Secrets are secrets only if known by a few people. It’s not true if that a secret is know by all too then be a secret at all. In Robin Lakoff’s essay “The Grooves of Academe” she discusses the secret knowledge that isn’t explained to most college students. Such things as what it takes to get a PhD, and the hidden knowledge that students should know but are not taught. Robin Lakoff begins her essay debating as to whether there should be a class that teaches students how to learn these hidden secrets or should students be left in the dark and have to try to uncover these secrets themselves. This hidden knowledge is similar to a situation I once went through when I was becoming a third grade student. I will address this latter in the paper.


This power and this knowledge becomes the debate of the department. Some in the department wonder why they should have to teach this hidden knowledge because it is this hidden knowledge that bestows the power which these people hold. The whole gist of the argument revolves around the fact that the people in power would like to stay in power, however they do not perceive, nor refer to it as “power”. The way that they stay in power is by knowing the secrets that are unknown by others. The essence of the departmental argument is not that they didn’t want others to know, it’s just that they wanted to stay in power.

As students (especially in elementary school), all we were really interested in was finding the right answers. I experienced a similar situation when I was beginning the third grade. My family had just moved to Pennsylvania, from Wisconsin. I found living on the east coast was very different from the Midwest. The way people talk and interact, even the way people are educated on the east coast, is different. After the first week of school I was placed into a class that was labeled as a “slower-reader class”. The reality was I wasn’t a slow reader. The administration had placed me there because they felt that I wasn’t up to the level of many of the other students. The question I had as a third grader however was, what was the level of the other students? I didn’t know at the time because I had no past experiences or interactions with the class to assess myself, or compare myself to the reading level of the other students. The comparison that I’m trying to make is how in Lakoff’s essay the professors didn’t want the students to know the secrets of how to really get a PhD. In my situation I was never really told what the expectations were of a third grader in this particular school. There was no class to teach me how to catch up with everyone else. I didn’t have a clue on what to think of this whole situation or what my teacher expected of me. Lakoff’s essay goes in-depth on how these common things of linguistics, such as citing sources and writing in terms of style, should already be known and applied. But there is no class that teaches students how to really master the ideas of linguistics. The underlying argument revolves around the fact that certain things are inferred or implied, and not stated or taught. Some of Lakoff’s contemporaries believe that is enough, and it becomes the students’ responsibility to pick-up on these things. In my situation there wasn’t a class teaching me how to master the skill of reading as taught in the Pennsylvania school system. The remedial class I was placed in showed me some simple pointers and it was basically up to me to read on my own in order to get better. The hidden secret though that I was really looking for was on how to become just like one of the other main stream students.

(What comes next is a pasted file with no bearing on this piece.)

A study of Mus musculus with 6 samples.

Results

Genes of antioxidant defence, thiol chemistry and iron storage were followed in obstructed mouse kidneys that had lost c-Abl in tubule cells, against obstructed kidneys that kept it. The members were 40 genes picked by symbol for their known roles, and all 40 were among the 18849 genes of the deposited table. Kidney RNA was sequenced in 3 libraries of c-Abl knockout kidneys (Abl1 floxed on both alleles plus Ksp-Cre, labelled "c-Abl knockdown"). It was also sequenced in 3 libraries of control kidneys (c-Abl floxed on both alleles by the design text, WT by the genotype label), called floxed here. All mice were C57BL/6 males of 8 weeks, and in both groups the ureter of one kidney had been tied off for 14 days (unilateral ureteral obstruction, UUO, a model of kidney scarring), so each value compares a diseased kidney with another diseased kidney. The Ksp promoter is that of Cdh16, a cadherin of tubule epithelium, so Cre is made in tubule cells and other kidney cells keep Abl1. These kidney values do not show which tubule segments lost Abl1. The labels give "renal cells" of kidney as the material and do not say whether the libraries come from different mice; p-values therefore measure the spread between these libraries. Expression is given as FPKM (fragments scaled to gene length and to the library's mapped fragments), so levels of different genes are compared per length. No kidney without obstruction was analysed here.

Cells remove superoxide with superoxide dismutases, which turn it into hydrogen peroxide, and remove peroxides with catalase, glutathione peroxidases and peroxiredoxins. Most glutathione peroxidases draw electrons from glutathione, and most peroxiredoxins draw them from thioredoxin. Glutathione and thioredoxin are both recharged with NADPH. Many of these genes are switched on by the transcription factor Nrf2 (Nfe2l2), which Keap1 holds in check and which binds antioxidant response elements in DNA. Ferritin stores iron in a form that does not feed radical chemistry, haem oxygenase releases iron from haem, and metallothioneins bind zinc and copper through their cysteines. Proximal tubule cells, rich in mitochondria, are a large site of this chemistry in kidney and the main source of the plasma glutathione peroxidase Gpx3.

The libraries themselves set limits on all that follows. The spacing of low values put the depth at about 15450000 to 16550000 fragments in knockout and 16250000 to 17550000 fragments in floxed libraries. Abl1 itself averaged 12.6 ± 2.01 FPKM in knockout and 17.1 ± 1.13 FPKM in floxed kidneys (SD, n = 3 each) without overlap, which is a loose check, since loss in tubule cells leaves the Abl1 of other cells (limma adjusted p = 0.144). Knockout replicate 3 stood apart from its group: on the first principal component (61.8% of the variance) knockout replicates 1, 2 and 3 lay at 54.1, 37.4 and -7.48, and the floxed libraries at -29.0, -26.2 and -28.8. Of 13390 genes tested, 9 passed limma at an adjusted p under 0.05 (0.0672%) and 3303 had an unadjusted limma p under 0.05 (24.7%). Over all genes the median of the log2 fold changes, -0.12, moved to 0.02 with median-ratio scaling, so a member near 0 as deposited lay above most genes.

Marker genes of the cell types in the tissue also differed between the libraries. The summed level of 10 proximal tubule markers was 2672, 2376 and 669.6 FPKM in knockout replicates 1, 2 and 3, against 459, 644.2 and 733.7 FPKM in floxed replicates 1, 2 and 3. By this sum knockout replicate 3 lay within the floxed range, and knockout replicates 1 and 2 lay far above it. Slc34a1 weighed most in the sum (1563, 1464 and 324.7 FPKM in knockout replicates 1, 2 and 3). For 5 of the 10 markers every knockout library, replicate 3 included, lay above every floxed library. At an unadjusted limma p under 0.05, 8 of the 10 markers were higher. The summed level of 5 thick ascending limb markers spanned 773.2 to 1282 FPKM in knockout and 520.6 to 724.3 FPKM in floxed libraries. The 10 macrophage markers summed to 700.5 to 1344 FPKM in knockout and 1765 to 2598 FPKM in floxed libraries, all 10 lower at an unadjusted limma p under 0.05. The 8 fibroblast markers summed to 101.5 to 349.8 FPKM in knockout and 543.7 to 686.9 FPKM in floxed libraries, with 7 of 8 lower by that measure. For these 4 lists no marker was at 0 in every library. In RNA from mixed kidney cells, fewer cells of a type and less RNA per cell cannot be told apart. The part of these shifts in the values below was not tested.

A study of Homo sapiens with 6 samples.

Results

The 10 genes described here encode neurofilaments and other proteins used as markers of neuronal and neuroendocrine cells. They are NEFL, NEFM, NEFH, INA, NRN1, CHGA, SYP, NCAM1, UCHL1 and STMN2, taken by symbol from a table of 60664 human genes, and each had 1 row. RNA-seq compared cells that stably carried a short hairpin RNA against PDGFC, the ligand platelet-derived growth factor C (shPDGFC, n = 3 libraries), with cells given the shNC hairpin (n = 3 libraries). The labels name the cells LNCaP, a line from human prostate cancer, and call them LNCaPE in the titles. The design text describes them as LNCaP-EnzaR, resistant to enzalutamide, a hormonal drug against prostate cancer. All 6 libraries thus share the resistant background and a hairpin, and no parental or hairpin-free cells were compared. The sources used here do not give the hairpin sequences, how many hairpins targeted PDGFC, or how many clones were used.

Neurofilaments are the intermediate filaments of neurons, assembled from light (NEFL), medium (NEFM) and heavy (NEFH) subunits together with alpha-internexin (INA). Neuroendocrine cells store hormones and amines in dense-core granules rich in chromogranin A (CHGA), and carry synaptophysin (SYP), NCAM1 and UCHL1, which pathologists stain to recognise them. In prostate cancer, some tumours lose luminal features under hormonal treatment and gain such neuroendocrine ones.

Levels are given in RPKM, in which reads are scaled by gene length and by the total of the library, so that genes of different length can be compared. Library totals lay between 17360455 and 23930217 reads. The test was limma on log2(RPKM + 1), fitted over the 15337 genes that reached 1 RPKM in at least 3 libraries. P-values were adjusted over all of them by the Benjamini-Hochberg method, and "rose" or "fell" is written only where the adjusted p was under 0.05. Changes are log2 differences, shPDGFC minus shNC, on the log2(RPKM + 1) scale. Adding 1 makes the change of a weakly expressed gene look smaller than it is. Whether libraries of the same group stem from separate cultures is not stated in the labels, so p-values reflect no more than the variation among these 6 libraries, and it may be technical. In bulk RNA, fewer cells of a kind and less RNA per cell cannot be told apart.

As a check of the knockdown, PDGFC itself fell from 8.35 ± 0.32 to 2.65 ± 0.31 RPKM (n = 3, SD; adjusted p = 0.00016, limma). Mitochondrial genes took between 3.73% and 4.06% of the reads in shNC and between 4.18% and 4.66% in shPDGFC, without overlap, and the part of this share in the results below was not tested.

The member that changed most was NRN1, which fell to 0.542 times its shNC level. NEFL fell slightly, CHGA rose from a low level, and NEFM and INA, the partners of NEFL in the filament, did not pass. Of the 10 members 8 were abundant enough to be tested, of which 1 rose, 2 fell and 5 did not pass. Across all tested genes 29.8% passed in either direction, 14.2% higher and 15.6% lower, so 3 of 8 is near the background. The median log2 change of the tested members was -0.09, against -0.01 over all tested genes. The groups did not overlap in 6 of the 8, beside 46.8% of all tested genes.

But there was no class teaching me about the expectations of reading teachers in the Pennsylvania School system, something my classmates had been exposed to from the time they started Kindergarten. Nothing they taught me during my years in the Pennsylvania school system (grades 3 – 4) helped me to overcome this situation. Just as in the debate between Lakoff’s colleagues, it was implied I should have known these things.

The question that now remains is whether or not there should be a class in which the secrets are revealed. Shouldn’t professors and educators teach students the reasons why we must know the answers? The whole reason why professors and teachers exist is to teach students the ways to succeed. But the only way to succeed is by knowing the secrets. This is a very complex debate. The answer to the questions remains unknown. Finding the answers really depends upon each individual student and how determined they are to succeed.